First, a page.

Sunday, 27 January 2019

Editorial | Manhunt: Do you like hurting people?



By Sam Coles:

There are some games that question us if we are enjoying what we are doing, this can be mundane such as crossing the finish line in Mario Kart or beating a boss in Dark Souls. However sometimes games will ask the question “Do you like hurting people”? Manhunt is a game that still lives in infamy even over 15 years since its release. Rockstar Games are more mature these days but in the early 2000’s they were generally known for their more edgy titles. Manhunt was different as the tone was on the other end of the spectrum compared to Grand Theft Auto, yes the GTA games were violent but they were so over the top that it wasn’t believable, Manhunt is more unflinching with its approach to violence. I want to go over different aspects of Manhunt and why to this day it is still disturbing.

Manhunt sees you take control of a death row inmate named James Earl Cash, generic names a side he is a mute and is designed to be an unlikable protagonist one could argue that he is an antagonist. He saved from his demise as an unseen mouthy pervert simply known as “The Director”, wants Cash to perform for his snuff film and wants him to slit, garrotte and plastic bag through his fellow man. The set up for the game is already disturbing, there is no up lifting morality and there is no sight of a happy ending with the completion of the task, just death and murder.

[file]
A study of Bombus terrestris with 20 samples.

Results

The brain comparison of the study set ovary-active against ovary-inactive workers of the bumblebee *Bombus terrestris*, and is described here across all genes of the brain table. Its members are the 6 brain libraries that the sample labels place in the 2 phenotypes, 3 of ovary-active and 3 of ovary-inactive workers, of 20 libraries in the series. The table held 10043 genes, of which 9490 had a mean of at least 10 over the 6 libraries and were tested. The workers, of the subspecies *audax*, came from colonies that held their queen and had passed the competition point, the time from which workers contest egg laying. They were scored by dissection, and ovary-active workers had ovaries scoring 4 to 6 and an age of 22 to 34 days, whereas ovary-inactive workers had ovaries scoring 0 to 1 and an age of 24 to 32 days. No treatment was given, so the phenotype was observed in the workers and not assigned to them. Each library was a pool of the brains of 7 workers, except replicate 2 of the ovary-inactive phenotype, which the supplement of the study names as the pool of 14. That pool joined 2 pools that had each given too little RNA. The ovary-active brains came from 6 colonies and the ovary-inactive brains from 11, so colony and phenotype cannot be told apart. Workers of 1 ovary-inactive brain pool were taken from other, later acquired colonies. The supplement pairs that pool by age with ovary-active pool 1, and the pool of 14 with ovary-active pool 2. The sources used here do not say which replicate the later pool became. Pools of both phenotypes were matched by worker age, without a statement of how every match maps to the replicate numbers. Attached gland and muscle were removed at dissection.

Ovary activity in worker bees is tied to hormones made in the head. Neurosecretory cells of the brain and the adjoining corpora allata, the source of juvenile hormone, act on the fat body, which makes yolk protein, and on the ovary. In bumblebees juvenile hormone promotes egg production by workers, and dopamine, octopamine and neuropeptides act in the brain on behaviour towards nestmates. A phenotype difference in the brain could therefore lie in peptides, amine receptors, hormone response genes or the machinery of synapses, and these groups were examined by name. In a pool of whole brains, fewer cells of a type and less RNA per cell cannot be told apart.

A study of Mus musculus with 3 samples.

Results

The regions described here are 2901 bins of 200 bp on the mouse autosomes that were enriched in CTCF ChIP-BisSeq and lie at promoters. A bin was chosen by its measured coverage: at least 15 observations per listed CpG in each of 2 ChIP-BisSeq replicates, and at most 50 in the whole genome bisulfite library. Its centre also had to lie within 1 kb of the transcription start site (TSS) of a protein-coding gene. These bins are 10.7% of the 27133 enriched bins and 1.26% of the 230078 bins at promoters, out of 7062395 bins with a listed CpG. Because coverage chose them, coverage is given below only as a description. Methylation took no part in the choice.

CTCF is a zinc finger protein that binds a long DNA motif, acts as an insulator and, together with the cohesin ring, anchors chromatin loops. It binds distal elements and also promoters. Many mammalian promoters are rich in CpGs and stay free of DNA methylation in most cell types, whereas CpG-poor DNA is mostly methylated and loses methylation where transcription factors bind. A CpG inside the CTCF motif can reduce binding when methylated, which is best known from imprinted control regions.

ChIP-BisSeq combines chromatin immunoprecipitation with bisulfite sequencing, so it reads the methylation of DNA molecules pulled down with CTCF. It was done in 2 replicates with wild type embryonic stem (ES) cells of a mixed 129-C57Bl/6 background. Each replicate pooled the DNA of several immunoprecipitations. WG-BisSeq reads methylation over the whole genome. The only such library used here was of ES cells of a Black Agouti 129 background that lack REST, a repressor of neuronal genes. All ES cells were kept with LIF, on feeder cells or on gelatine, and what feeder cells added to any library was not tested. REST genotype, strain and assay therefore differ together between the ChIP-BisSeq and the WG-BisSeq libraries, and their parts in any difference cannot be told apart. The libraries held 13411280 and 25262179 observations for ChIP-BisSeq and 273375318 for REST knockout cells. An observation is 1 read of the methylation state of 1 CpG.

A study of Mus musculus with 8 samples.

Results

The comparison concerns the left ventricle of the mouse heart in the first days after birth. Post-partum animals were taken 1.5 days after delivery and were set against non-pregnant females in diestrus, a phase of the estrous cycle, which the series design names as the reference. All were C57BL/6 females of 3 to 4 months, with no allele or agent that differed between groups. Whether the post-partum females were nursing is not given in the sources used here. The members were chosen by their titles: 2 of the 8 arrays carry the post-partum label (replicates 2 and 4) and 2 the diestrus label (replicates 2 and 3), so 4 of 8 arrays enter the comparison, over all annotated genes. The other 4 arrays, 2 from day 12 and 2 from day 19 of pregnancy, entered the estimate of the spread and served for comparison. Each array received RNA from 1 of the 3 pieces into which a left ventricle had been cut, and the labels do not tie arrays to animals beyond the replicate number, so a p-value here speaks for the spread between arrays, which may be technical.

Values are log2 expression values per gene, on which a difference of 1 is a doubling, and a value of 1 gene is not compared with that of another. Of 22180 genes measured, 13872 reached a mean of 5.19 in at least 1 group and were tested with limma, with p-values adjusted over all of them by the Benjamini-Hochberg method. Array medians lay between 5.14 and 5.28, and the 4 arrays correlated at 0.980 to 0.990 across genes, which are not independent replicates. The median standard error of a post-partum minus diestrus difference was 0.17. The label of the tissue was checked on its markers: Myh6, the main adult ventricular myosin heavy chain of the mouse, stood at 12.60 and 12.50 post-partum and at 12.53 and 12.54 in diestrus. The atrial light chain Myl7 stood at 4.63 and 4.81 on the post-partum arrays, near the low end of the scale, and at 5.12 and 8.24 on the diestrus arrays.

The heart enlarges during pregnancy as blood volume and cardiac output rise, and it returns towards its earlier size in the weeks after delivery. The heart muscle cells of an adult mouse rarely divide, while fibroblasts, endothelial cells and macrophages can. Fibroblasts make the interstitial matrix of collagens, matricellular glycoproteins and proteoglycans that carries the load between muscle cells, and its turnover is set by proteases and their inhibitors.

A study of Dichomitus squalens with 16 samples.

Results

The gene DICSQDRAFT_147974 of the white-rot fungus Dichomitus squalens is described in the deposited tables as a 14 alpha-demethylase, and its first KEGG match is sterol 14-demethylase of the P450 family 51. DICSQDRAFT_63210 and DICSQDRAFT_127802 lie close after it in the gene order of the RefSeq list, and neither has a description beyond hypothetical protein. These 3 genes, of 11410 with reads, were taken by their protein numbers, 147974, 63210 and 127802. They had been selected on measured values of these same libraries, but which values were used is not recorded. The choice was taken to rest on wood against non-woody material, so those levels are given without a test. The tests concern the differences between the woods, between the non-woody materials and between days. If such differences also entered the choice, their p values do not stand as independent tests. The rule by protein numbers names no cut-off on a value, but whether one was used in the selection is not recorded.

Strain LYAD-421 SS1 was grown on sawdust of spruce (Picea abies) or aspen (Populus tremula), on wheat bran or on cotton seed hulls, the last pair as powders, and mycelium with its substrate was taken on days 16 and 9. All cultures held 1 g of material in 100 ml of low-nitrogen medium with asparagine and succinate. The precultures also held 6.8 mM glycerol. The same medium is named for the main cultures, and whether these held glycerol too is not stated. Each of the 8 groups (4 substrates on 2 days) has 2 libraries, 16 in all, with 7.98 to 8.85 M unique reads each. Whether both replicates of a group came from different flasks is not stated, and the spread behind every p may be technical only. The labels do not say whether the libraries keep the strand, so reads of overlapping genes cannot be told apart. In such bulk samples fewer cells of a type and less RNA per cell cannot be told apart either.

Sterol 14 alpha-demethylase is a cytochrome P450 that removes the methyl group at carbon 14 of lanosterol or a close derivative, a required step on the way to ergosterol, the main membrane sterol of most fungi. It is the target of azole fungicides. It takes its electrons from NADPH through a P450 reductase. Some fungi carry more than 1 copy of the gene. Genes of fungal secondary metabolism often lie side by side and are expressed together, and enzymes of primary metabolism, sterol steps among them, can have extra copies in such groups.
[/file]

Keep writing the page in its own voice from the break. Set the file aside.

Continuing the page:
The game is notorious for its violence, now Rockstar up to this point were known for their violent games; however the Grand Theft Auto games had a more goofy tone. The issue people had with Manhunt was the fact the tone was very grim and serious, the executions got people talking and had everyone turning their heads and not in a good way. It’s not easy to kill people in this game as some uneducated news outlets would let you believe at the time, no you are rather vulnerable as you have to be sneaky and quiet to takedown your enemies.

It maybe rather crude visually by today’s standard, but the animations in Manhunt are still unflinching, they are not over the top they are gritty and somewhat believable. The one execution that everyone sights is the plastic bag, for good reason because it is rather disturbing as you see Cash suffocate his victim and they struggle and scream while gasping for air. It’s something that still gets to me to this day, even 15 years after its release.  

Manhunt’s violence makes you think about your actions, it’s not the other top nature of other bloody action games, it throws it in your face with intense close ups and acute angles. You see every detail as a knife plunges into your victim’s throat, every blow of a bat and the serrated edge of a meat hook.  Now I’m not one to get put off by a game with its violence, however Manhunt presents it in such a sadistic way that it makes my skin crawl sometimes, there is a reason why I don’t play it often.

At the end of the day, Manhunt is arguably a critique of man’s inner primal instinct appeasing to the Heart of Darkness motif where Cash let’s lose with his savagery. One could argue that he doesn’t have a choice, but why does he execute his actions without blinking an eye? Who knows but I think it’s a great example of how a game (besides Spec Ops The Line) can make you question your actions.